Hagestad faces an early hiccup

Newport Beach golfer, in 111th U.S. Amateur beginning Monday, hopes lost clubs arrive in time.

August 19, 2011|By David Carrillo PeƱaloza,
  • Stewart Hagestad of Newport Beach finished second in the Costa Mesa City Championship.
Stewart Hagestad of Newport Beach finished second in… (Don Leach, unknown )

Stewart Hagestad said he landed in Milwaukee on time. His golf bag did not on Friday.

The 20-year-old golfer from Newport Beach will need his clubs by Monday.

With his Titleist equipment or someone else's, Hagestad plans to compete in the 111th U.S. Amateur Championship at Erin Hills. The trip is Hagestad's third to a U.S. Amateur in the last four years.

Every year, something seems to go wrong with Hagestad's flight. Phoenix seems to be the problem.

"The bag was left in Phoenix this time," Hagestad said before calling it just another pre-U.S. Amateur hiccup.

The first year, he said, monsoons in Phoenix forced him to take a different route to reach one of the world's top courses, Pinehurst in North Carolina.

The change sacked Hagestad before play began.

"I got in at two in the morning," said Hagestad, who lasted just two days in the tournament.

The 6-foot-5 Hagestad expects to make it into match play for the first time. He flew in a couple of days before the tournament tees off, looking to settle in.


This is his second time in Milwaukee, but Hagestad has never played at Erin Hills. The long course offers no distractions, even though the layout is situated on farmland.

There will be more golfers roaming around than farm animals.

The field boasts 312 competitors, as young as 15 and as old as 52. Hagestad, who plays at USC, is starting to feel like a regular at the U.S. Amateur.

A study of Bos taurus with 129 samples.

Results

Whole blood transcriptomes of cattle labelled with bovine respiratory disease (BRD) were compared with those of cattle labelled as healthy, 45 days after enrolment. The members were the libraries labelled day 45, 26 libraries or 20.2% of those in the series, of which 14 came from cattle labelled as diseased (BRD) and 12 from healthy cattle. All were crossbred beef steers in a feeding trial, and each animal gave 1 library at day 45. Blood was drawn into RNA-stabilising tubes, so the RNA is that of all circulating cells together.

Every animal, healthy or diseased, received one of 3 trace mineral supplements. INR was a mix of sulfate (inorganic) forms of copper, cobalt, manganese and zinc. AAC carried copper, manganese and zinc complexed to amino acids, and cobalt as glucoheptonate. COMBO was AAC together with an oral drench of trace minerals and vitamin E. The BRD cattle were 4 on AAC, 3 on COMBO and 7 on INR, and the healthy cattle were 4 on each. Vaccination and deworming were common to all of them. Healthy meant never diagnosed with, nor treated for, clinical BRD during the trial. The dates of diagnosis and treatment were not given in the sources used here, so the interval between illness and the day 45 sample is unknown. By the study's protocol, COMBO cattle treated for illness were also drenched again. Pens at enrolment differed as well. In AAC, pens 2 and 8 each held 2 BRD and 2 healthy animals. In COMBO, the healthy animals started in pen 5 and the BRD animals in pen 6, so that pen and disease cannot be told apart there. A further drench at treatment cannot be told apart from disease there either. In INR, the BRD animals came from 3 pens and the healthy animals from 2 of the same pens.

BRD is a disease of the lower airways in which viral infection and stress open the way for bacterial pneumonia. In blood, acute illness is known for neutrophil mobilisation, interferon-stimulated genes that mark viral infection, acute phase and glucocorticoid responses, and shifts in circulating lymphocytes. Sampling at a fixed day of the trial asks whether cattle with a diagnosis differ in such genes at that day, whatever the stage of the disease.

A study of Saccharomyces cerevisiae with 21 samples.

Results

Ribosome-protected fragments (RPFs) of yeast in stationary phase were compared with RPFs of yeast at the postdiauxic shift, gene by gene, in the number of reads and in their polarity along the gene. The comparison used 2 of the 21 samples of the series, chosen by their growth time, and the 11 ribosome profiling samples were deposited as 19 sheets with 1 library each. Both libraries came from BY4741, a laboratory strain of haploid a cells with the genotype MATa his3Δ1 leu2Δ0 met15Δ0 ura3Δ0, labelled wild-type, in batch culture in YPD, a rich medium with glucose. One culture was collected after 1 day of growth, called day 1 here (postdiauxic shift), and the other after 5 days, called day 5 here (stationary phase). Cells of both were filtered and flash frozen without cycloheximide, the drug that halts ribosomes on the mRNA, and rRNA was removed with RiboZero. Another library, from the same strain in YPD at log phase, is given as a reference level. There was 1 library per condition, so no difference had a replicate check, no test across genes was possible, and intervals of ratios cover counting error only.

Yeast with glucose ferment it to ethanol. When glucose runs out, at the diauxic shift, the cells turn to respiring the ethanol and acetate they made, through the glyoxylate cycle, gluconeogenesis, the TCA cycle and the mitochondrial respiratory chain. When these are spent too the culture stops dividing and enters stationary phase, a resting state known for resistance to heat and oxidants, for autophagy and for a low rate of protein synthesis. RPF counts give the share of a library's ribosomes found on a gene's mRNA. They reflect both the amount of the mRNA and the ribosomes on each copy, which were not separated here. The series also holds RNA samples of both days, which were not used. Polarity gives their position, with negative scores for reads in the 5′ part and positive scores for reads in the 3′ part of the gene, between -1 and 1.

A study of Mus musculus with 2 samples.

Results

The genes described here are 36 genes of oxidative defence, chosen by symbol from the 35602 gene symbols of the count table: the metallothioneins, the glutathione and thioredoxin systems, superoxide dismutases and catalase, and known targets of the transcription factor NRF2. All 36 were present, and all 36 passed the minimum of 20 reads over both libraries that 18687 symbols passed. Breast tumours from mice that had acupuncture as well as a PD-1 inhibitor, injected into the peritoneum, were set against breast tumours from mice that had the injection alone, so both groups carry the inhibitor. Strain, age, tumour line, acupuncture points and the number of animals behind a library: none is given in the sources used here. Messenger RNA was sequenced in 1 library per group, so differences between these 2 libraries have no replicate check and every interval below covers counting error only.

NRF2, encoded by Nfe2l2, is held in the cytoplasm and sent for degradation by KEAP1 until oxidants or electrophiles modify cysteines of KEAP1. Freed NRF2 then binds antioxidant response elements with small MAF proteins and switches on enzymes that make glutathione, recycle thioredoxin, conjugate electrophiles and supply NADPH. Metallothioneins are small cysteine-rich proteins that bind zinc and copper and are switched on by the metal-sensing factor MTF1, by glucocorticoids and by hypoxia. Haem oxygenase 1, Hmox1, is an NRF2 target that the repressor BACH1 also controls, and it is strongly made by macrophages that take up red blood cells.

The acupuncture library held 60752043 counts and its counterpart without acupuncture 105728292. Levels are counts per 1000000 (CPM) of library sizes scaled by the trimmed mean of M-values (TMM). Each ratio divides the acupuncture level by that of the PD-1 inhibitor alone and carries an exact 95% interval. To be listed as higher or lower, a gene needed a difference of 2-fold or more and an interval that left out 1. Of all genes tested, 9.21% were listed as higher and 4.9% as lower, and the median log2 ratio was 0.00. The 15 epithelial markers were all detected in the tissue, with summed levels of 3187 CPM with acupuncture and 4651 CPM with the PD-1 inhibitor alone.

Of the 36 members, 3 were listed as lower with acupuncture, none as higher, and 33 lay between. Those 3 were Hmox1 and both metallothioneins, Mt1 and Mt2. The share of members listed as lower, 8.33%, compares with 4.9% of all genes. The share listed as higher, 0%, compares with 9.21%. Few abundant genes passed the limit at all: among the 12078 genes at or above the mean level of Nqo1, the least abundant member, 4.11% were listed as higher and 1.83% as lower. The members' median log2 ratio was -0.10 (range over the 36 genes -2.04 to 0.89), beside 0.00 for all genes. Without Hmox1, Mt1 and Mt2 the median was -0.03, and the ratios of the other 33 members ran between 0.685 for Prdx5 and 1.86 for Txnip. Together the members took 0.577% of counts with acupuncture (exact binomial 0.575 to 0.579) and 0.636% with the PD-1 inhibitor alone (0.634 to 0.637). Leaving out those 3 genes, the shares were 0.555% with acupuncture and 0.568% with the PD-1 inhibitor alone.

Hagestad earned one of three spots out of Big Canyon Country Club to the U.S. Amateur, finishing second at the sectional qualifier on July 25.

"I feel pretty confident about my game," said Hagestad, who recorded a four-under-par 140 at his home course to qualify. "I've been playing really well. I struggled with my putting, my short putts, but I switched to a long putter and I love the thing.

"This is a fun event, the cream of the crop of amateur tournaments. I'm excited to get out [on the course on Saturday] and see how the course is."

Hagestad will feel even better when his golf bag arrives. He expected the airline to get him his bag by midnight, before his scheduled practice round at 9 a.m. on Saturday.

Worst case scenario, Hagestad said, he will play his practice round with the head pro's clubs, borrow some from a friend, or ask one of the reps for a set.

"A lot of top-notch guys carry an extra set," Hagestad said. "The most important thing is the shaft.

"I also do need the long putter. It's crucial. That's my baby."